During a routine inspection

Letter from the Chief Inspector of General Practice

St Blazey Surgery was inspected on Tuesday 3 March 2015. This was a comprehensive inspection. Overall the practice is rated as good.

St Blazey Surgery provides primary medical services to people living in St Blazey and the surrounding areas. Of the 6,350 patients registered at the service, 99% had described their ethnicity as White British. The practice provides services to a predominantly Cornish population and is situated in a semi-rural location. The practice provided health services under a General Medical Services contract (GMS) from the NHS.

The service had a team of four GP partners. Two were male and two were female. GP partners held managerial and financial responsibility for running the business. There were two nurses and two health care assistants at the practice. In addition there was a practice manager, a deputy manager and additional administrative and reception staff.

Patients who use the practice have access to community staff including district nurses, community psychiatric nurses, health visitors, physiotherapists, mental health staff, counsellors, chiropodist and midwives.

Our key findings were as follows:

We rated this practice as good. Patients reported having good access to appointments at the practice and liked having a named GP which improved their continuity of care. The practice was clean, well-organised, had good facilities and was well equipped to treat patients. There were effective infection control procedures in place.

The practice valued feedback from patients and acted upon this. Feedback from patients about their care and treatment was consistently positive. We observed a patient centred culture. Staff were motivated and inspired to offer kind and compassionate care and worked to overcome obstacles to achieving this. Views of external stakeholders were positive and were aligned with our findings.

The practice was well-led and had a clear leadership structure in place whilst retaining a sense of mutual respect and team work. There were systems in place to monitor and improve quality and identify risk and systems to manage emergencies.

Patients’ needs were assessed and care was planned and delivered in line with current legislation. This included assessment of a patient’s mental capacity to make an informed decision about their care and treatment, and the promotion of good health.

Suitable staff recruitment, pre-employment checks, induction and appraisal processes were in place and had been carried out. Staff had received training appropriate to their roles and further training needs had been identified and planned.

Information received about the practice prior to and during the inspection demonstrated the practice performed comparatively with all other practices within the clinical commissioning group (CCG) area.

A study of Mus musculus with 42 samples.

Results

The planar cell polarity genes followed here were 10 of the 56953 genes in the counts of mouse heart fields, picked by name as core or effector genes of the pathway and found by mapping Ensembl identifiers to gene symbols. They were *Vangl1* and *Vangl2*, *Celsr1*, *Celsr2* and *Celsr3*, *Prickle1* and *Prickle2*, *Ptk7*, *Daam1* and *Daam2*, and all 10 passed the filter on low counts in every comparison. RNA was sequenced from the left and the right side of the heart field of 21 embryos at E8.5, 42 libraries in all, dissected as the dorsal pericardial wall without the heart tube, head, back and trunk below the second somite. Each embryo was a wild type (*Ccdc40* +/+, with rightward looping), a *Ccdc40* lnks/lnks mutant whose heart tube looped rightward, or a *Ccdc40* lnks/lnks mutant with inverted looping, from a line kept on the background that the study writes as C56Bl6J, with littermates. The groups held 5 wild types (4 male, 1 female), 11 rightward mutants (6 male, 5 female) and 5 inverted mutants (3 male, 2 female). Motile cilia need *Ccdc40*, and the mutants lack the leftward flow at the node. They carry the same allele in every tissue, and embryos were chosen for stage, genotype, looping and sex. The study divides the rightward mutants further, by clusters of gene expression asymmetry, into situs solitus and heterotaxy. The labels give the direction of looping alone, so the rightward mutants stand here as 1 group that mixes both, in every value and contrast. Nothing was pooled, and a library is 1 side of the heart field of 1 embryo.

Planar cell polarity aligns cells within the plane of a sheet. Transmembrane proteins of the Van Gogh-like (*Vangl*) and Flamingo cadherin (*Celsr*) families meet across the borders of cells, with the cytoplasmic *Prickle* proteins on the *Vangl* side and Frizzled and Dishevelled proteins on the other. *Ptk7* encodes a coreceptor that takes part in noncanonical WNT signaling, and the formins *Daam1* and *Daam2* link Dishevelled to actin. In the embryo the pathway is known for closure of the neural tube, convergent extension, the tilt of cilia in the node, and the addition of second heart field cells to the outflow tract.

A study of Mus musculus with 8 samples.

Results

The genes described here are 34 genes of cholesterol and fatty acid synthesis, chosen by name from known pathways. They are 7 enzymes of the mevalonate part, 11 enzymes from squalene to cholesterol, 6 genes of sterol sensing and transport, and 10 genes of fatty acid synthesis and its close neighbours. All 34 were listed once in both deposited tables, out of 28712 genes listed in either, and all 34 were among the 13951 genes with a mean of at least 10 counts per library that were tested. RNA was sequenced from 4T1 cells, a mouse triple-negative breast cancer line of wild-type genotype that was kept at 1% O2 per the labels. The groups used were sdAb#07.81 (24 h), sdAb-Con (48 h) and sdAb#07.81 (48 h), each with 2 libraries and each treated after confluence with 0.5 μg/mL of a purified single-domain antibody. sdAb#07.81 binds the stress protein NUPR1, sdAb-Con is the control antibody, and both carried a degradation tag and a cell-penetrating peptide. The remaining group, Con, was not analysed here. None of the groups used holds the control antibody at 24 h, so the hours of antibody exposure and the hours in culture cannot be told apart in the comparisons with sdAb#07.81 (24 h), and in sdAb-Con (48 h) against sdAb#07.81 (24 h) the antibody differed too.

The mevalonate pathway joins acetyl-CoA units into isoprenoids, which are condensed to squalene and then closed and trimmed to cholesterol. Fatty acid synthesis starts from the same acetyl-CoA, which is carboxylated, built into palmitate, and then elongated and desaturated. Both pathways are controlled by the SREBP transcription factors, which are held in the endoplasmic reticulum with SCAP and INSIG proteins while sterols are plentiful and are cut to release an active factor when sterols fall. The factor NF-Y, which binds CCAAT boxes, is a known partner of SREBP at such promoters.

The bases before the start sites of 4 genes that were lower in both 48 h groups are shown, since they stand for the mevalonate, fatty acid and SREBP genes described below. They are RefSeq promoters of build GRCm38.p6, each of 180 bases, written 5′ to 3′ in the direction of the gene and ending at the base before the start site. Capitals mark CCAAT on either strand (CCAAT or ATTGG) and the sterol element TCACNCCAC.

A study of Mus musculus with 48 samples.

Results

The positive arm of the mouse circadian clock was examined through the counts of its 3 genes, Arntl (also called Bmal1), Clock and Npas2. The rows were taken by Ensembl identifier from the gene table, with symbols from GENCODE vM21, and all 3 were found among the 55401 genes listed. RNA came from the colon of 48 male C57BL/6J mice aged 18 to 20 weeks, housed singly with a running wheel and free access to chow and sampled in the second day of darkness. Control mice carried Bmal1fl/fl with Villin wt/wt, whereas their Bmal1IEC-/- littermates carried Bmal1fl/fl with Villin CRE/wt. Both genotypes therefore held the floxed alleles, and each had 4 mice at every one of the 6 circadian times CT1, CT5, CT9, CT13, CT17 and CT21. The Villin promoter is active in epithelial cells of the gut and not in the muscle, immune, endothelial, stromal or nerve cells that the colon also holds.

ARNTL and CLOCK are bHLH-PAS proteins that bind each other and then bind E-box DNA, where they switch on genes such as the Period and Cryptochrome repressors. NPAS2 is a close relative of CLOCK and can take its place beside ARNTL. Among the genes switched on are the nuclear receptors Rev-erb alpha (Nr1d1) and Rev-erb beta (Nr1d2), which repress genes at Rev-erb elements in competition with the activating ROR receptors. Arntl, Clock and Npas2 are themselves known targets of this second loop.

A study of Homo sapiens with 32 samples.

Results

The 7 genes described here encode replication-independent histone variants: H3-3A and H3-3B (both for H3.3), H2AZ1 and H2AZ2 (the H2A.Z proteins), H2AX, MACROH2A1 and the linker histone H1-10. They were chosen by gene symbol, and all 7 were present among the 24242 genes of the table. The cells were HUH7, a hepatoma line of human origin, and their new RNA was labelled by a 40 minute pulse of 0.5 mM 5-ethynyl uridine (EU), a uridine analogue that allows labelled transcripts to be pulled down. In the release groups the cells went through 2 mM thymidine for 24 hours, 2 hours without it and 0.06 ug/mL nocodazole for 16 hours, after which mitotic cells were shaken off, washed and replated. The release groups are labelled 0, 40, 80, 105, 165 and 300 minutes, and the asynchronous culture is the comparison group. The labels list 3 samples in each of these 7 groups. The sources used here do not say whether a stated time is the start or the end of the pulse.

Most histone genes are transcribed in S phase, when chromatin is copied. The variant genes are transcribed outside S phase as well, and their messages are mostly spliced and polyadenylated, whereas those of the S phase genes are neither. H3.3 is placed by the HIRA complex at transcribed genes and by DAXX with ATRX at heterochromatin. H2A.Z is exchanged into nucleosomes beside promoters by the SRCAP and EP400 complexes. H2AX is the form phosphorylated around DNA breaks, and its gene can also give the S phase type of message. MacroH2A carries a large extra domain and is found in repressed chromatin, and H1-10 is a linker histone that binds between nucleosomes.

Patients told us they felt safe in the hands of the staff and felt confident in clinical decisions made. There were effective safeguarding procedures in place.

Significant events, complaints and incidents were investigated and discussed. Learning from these events was communicated and acted upon.

Professor Steve Field (CBE FRCP FFPH FRCGP) 

Chief Inspector of General Practice

Inspection carried out on 4 February 2014

During a routine inspection

St Blazey Surgery provides primary medical services for approximately 6,300 patients.

As part of our inspection we spoke with one of the registered managers, practice manager, deputy practice manager, GP’s, nursing staff, a health care assistant, reception and clerical staff and representatives from the Patient Participation Group (PPG).

We spoke with patients at St Blazey Surgery, to obtain their feedback regarding the services they received from the practice. Comments included, “very friendly”, “it’s generally pretty good” and “constantly good, no complaints at all”.

Overall patients were complementary of the staff at the practice and of the clinical care and treatment they received. Patients told us that it was easy to get an appointment, and confirmed they consistently saw the same GP. Other comments included, “If you get through at 8.30am yes. I’ve never not got an appointment”, and “pretty good, not too bad”.

We found, people's views and experiences were taken into account in the way the service was provided and delivered in relation to their care.

People’s privacy, dignity and independence were respected.

People experienced care, treatment and support which met their needs and protected their rights.

People who used the service were protected from the risk of abuse, because the provider had taken reasonable steps to identify the possibility of abuse and prevent abuse from happening.

People were cared for by staff who were supported to deliver care and treatment safely and to an appropriate standard.

The provider had an effective system to regularly assess and monitor the quality of service that people receive. The provider also had an effective system in place to identify, assess and manage risks to the health, safety and welfare of people who use the service and others.

CQC Insight

These reports bring together existing national data from a range of indicators that allow us to identify and monitor changes in the quality of care outside of our inspections. The data within the reports do not constitute a judgement on performance, but inform our inspection teams. Our judgements on quality and safety continue to come only after inspection and we will not make judgements on data alone.